Children’s book author signs books on Sanibel
Kevin Henkes never wanted to be anything other than an author and illustrator. In high school a public librarian introduced him to Barbara Bader’s “American Picturebooks from Noah’s Ark to The Beast Within,” which emboldened him.
“It was the first serious book about picture books, written for adults, that I ever read,” said Henkes.
The summer after his first year in college Henkes traveled to New York with a list of his favorite publishers in hand. His first stop was Greenwillow Books, headed at the time by its founder Susan Hirschman, who signed him up on the spot. Henkes took the fall semester off from school to work on a dummy book that became his first published book “All Alone” in 1981.
Five years later Henkes created a group of little mice that became widely popular in 13 of his children’s books, including the 1994 Caldecott Honor Book “Owen” and the famous “Lily’s Purple Plastic Purse” released in 1996. With the introduction of Lily, Henkes became a star by firmly establishing himself as an outstanding contributor to the canon of children’s literature.
“Lily’s personality lends itself to the story,” said Henkes of the character’s popularity. “I use animals to help develop humor in my books.”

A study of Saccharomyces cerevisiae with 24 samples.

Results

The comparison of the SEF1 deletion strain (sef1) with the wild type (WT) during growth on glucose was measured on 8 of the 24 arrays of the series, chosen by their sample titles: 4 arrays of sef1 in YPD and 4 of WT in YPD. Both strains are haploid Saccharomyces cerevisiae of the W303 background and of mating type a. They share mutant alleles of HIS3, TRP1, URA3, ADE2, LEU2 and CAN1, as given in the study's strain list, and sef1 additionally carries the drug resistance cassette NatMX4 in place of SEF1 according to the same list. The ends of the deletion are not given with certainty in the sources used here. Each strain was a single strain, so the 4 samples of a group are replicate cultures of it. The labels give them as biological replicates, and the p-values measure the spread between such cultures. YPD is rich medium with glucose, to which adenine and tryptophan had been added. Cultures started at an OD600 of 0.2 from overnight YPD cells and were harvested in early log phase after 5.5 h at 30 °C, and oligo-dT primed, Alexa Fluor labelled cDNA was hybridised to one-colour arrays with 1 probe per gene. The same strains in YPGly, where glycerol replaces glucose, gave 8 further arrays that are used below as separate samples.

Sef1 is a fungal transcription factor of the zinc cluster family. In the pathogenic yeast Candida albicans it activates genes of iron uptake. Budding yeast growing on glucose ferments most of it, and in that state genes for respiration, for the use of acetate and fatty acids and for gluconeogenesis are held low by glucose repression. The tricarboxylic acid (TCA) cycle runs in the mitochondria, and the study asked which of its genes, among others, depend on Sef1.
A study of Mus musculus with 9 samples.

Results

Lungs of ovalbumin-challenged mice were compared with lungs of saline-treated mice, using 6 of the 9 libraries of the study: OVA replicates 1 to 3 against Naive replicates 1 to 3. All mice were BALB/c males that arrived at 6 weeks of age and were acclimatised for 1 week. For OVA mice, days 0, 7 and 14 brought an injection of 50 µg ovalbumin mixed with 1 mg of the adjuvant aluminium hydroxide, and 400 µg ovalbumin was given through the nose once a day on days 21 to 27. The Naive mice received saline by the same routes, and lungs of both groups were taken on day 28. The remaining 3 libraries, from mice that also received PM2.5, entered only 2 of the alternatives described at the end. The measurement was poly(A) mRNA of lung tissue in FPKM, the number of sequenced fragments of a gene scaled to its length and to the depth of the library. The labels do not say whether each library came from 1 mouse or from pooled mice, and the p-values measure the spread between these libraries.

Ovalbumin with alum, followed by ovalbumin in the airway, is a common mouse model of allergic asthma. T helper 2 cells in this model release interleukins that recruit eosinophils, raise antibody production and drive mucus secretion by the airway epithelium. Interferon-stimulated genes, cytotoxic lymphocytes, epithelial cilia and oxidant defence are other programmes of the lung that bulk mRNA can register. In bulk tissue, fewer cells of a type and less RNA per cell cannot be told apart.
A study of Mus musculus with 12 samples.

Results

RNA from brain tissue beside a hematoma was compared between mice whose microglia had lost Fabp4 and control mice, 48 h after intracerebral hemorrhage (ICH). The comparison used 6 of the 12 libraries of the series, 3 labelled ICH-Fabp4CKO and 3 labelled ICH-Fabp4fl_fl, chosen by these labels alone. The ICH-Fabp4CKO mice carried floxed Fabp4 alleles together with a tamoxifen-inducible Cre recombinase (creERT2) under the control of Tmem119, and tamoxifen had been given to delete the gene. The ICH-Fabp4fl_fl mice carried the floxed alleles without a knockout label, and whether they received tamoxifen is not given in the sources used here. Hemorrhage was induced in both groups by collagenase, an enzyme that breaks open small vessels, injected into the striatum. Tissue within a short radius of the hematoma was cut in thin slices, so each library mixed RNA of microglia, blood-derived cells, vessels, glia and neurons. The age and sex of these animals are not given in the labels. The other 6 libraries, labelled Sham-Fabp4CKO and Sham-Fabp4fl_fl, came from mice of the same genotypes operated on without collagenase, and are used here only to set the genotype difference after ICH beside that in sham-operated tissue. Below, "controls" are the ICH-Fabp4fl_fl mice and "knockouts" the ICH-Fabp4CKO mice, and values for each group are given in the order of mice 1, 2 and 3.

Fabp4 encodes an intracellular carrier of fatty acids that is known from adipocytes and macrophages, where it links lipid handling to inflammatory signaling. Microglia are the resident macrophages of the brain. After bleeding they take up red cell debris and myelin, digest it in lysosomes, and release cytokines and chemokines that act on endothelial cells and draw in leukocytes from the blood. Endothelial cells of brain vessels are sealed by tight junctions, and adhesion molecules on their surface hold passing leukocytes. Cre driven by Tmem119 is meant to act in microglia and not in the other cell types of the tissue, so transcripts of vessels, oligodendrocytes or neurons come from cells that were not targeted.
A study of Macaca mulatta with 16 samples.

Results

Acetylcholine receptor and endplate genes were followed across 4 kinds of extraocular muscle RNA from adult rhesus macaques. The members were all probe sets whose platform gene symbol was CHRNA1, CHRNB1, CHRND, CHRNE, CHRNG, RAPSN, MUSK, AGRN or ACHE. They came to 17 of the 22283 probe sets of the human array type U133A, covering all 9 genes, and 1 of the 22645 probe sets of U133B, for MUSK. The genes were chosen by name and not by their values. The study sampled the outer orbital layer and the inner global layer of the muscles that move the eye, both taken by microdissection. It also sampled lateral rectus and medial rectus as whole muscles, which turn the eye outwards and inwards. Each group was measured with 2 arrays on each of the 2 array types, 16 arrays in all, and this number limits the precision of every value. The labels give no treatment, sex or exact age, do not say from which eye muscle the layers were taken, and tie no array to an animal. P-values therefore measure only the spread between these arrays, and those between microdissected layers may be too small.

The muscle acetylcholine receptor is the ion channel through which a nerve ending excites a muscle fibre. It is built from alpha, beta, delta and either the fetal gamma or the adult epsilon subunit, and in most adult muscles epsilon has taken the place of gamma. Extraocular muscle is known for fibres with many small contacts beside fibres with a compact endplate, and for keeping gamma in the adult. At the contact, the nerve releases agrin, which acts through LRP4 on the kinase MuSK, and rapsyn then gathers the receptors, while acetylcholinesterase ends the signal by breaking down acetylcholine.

In 2004 his novel “Olive’s Ocean” was awarded the Newberry Honor. A year later “Kitten’s First Full Moon” won the Caldecott Medal. “Junonia,” a book based on Henkes’ childhood winters on Sanibel, was published in June 2011, while his latest book “Penny and Her Song” was published in February. Henkes has two more books “Penny and Her Doll” and “Penny and Her Marble” due to be on sale in August and 2013 respectively.
“I think one dreams of it,” Henkes said of winning the Newberry Honor and Caldecott Medal. “It was very exciting the icing on the cake.”
Henkes was signing books at MacIntosh Books & Paper, where his books are on sale.
“It’s amazing to have him here helping support small bookstores,” said MacIntosh Book advocate Rebecca Binkowski, whose family loves Henkes “Owen’s Marshmallow Chick.”
To learn more about Henkes and his books, visit www.kevinhenkes.com.